Brazil Real Touches Weakest in Four Years, Spurring InterventionGabrielle Coppola and Josue Leonel
Brazil’s real fell to a four-year low, spurring the central bank to intervene in the currency market for the first time since March to stem the selloff.
The real pared its drop after the central bank sold 17,600 out of 30,000 currency swap contracts worth $877 million before resuming its decline. Yields on interest-rate futures contracts rose the most in four years as policy makers unexpectedly stepped up the pace of increases in benchmark borrowing costs on May 29, saying inflation was undermining the economic recovery.
“Today, it’s less about the level of the real and more the pace of the move,” Flavia Cattan-Naslausky, a markets strategist at Royal Bank of Scotland Group Plc, said in a telephone interview from Stamford, Connecticut. “That made the central bank nervous.”
The real depreciated 1.4 percent to 2.1411 per U.S. dollar at 6:45 p.m. in Sao Paulo after declining 1.8 percent to 2.1495, the weakest intraday level since May 2009. Swap rates on the contract due in January climbed 38 basis points, or 0.38 percentage point, to 8.44 percent, extending the surge this month to 53 basis points.
The central bank also assessed demand for another swaps auction, its press office in Brasilia said.
This signals there will another auction on June 3, according to Reginaldo Galhardo, head of currency trading at Treviso Corretora in Sao Paulo.
The currency has traded in an intraday range of 1.94 to
2.15 per dollar this year as policy makers fluctuated between selling currency swaps to prevent it from falling too much and offering reverse currency swaps to rein in gains.
The central bank had last intervened in the foreign-exchange market on March 27, when it sold $995 million of currency swaps to push the real higher.
The real has lost 6.5 percent in May, its worst monthly performance since September 2011. It is the biggest loser this month among 24 emerging-market currencies tracked by Bloomberg after the South African rand.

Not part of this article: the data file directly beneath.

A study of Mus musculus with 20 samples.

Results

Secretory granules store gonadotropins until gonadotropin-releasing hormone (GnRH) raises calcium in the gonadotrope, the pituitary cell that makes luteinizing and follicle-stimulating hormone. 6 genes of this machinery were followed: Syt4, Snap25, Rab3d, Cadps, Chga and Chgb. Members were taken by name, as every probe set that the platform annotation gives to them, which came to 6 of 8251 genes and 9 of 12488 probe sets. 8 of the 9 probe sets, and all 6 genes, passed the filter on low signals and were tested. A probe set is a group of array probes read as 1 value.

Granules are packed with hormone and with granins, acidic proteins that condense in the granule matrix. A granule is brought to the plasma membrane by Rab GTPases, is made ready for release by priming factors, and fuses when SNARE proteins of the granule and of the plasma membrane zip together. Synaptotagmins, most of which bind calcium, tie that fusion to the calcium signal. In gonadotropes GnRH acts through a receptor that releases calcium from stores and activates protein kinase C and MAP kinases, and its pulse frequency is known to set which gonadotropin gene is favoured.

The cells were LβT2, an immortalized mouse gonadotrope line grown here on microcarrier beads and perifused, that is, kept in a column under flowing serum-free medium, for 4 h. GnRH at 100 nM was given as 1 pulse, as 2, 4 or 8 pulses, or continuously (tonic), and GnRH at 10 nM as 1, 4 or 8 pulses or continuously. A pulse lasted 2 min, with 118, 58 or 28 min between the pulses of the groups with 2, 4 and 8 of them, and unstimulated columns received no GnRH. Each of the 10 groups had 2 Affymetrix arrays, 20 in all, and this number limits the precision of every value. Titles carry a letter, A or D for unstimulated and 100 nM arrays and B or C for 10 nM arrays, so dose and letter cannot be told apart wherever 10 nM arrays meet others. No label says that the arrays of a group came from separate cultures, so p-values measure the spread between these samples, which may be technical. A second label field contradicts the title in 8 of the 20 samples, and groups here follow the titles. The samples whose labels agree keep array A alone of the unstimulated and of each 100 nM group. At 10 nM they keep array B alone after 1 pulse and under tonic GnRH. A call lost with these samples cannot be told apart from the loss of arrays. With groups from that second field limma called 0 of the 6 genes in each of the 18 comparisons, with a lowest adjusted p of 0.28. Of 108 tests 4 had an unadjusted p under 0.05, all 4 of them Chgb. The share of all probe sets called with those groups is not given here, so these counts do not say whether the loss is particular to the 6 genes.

The currency tumbled today as signs of a sputtering Brazilian economic recovery and a surge in U.S. Treasury yields sapped demand for higher-yielding assets.
Finance Minister Guido Mantega said on May 29 a declining currency isn’t a concern and Brazil won’t use the exchange rate to curb inflation.
“Other tools exist to combat inflation,” Mantega told reporters. The dollar’s rally reflects “an international shift, and there’s no reason we should be different.”
Embraer SA, the Brazilian planemaker that is the best performer on the Ibovespa equity benchmark in 2013, rallied 2.1 percent to a five-year high on speculation a weaker real will help boost revenue.
Swap rates surged two days after the central bank voted unanimously to raise the target lending rate by 50 basis points to 8 percent, surprising 38 of 57 economists surveyed by Bloomberg, who had expected a second straight increase of 25 basis points. The other 19 correctly forecast the increase. Brazil’s markets were closed yesterday for a holiday.
At its meeting last month, policy makers raised the benchmark by a quarter-percentage point to 7.50 percent. It had lowered borrowing costs by 5.25 percentage points in reductions that began in August 2011 to support economic growth.
“The board’s decision reinforced the credibility of the central bank, which showed a preoccupation with inflation,” Newton Rosa, the chief economist at SulAmerica Investimentos in Sao Paulo, said in a telephone interview. “The central bank should continue raising to 8.75 percent.”
Since central bank President Alexandre Tombini took office in January 2011, the annual rate of consumer price increases has remained above the 4.5 percent midpoint of policy makers’ target range. Inflation accelerated to 6.59 percent in March before easing to 6.49 percent last month.
Latin America’s largest economy grew 1.9 percent in the first quarter from a year earlier after expanding 1.4 percent in the previous period, the national statistics agency reported May 29 before the central bank’s rate decision. The median forecast of analysts surveyed by Bloomberg was for growth of 2.3 percent.
“We may be seeing a true ‘change in regime,’” Tony Volpon, the head of research for the Americas at Nomura Holdings Inc. in New York, wrote yesterday in a research note to clients. “If this is the case, the center of the inflation target may be in sight, and after a ‘short, sharp shock’ the central bank could begin cutting rates in 2014.”